The J/24 National Championships, sponsored by the CCS Group, served up a tough but spectacular day of close racing in the Great Sound, with the final result going down to the wire and only being decided in the final race.
Some people like to undress in public; others tend to avoid it at all costs. The big event in the preparation for the J24 National Championships is generally the weigh-in on the Friday night before racing, often involving crews stripping down to their underwear in order to come in under the 400kg limit. This year most of the crews successfully managed to make the weight without disrobing, and only one crew had to have a secondary weigh-on race day.
Race day saw sunlight peeking through some ominous cloud skies, with what seemed to be little breeze in Hamilton Harbour. The 11 J24s made their way out to the Great Sound to find some more breeze and the Easterly 12-18 knot wind causing a great deal of chop. The Race Committee (RC) boat Monkeyshines had anchored and was setting out the course, and the Sailing Instructions showed that we were to expect that to be varied as the day went on. We were not to be disappointed.
Race 1 was a 2 lap affair, with the short start line causing some early consternation, with several boats having to tack to get some clear air. Centipede got off to a great start, and led the charge on the first upwind up the left hand side of the course. They made it to the windward mark in first place, only to hit it. The downwind saw Erin and New Wave closing in, and Sadiiqi making up a great deal of ground after a poor start. The next upwind and downwind saw Sadiiqi playing the shifts better than the rest to eke out a win.
Race 2 saw a traffic jam on the start line. Several boats made a break and the fleet split into left-hand and right-hand groups, which converged at the first mark. Some of the fleet had switched to blade jibs as the breeze increased. At the end, Erin, Sadiiqi and New Wave came out in front.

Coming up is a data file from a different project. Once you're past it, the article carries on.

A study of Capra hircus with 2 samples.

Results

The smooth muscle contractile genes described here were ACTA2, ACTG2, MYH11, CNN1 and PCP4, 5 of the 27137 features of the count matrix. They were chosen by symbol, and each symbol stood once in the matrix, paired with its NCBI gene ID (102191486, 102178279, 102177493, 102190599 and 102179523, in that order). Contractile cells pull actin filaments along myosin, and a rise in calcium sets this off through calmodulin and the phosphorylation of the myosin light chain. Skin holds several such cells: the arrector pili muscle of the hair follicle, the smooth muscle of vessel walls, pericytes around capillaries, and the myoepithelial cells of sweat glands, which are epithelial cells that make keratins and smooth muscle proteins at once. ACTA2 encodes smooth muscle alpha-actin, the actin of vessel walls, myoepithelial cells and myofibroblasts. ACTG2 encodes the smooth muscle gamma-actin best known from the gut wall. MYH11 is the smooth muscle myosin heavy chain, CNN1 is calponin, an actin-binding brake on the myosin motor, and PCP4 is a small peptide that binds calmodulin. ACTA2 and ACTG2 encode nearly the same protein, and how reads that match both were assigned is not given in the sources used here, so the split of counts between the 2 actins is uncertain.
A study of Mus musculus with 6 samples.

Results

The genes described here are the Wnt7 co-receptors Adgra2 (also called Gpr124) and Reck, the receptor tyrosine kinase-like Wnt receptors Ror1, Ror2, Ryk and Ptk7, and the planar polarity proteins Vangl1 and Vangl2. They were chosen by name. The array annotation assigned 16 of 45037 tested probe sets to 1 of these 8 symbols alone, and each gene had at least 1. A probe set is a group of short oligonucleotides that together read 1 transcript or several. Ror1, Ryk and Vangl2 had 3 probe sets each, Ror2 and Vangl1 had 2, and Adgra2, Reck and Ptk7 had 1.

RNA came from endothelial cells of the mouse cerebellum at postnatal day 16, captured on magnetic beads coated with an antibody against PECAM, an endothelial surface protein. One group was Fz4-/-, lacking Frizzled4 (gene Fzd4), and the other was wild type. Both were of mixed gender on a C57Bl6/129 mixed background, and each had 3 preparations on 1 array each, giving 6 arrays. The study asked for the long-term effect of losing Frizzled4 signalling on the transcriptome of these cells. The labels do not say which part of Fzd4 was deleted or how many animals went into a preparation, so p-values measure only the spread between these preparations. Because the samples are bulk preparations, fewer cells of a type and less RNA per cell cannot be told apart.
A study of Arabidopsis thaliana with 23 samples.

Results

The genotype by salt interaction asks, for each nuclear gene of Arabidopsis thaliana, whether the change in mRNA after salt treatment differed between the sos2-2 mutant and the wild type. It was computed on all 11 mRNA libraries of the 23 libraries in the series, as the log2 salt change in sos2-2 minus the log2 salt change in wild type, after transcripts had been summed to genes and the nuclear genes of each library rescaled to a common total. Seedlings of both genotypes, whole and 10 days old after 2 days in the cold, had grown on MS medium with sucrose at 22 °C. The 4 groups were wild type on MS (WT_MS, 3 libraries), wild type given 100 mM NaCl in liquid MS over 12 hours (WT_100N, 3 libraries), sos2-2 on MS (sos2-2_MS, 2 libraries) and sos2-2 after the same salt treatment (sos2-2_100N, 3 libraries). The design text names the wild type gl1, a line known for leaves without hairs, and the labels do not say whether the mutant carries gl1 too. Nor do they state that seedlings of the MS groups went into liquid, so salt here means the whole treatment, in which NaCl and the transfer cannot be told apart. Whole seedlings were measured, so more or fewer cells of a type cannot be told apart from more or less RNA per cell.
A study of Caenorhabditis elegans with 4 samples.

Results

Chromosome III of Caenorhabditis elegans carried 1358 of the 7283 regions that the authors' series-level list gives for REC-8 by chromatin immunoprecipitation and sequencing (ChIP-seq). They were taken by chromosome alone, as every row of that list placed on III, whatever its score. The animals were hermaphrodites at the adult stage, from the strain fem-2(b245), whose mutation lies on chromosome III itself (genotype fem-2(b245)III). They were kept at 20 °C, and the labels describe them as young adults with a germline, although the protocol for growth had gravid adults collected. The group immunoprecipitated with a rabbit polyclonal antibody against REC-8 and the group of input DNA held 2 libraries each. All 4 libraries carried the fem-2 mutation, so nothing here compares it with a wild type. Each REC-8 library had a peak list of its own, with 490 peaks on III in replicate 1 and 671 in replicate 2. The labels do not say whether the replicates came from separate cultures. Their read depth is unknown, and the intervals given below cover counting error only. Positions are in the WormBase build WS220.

Race 3 saw a switch in course with and upwind finish. Several boats stalled on the start line, and several more missed the “W” marker on the committee boat before the start, meaning that they failed to prepare for another upwind leg on the final downwind. Solaise, who were sailing well and had been in pole position coming down to the final mark ahead of New Wave, had an equipment malfunction and gave up 7 positions attempting to recover. This gave Sadiiqi their second win of the day after making great inroads at mark roundings.
Race 4 was a 3 lap affair. Many crews were already bruised and battered with the strong breeze, continuous tacking in the shifts and the close-quarters sailing. Some boats had changed up to genoa in what seemed to be a lessening breeze, only to find that it picked up again as the race went on. Cyclone had a great start at the pin and were in the reckoning early on. Solaise and New Wave were duking it out at the front, and pulled away slightly from the rest of the fleet. In one of the best moves of the day, Trevor Boyce on New Wave held out Simon Boden on Solaise at the final upwind mark to make it around the mark in first, only to have issues hoisting the spinnaker and let Solaise past. The final downwind saw Jezebel take a right hand shift all the way to the finish to get a third place.
Race 5 – the final race of the day – saw another upwind finish. It was nail-biting stuff at this stage, with Sadiiqi and New Wave separated by one point. New Wave needed to finish two boats ahead of Sadiiqi to win the day. Sadiiqi made it their task to cover New Wave, but some over-anxious luffing manoeuvres saw them broach and let New Wave and another two boats pass ahead. At this stage, Solaise were having another flyer and looked to be heading for their second bullet of the day. Fortunately for Sadiiqi, the addition of the upwind leg to finish gave them a chance to recover, and on the final leg they clawed back into the race behind Solaise, New Wave and Jezebel, and then crossed Jezebel close to the finish to get third for the race.
This meant that the Sadiiqi crew of Shelagh Tasker, Becky Davies, Colleen Forestell, Walter Smith and Pete Ramsdale win the J24 Nationals for 2005, with New Wave finishing second overall with Solaise taking an admirable third. The trophy was presented by Rob Loxton, CEO of the CCS Group, at the prize giving ceremony at the RHADC.
Pete Ramsdale, the winning skipper, announced that the Bermuda J24 Class Association would be using a financial contribution from the CCS Group to purchase an Optimist Dinghy for the Mid Atlantic Sailing Association, in a move to further assist junior sailing in Bermuda.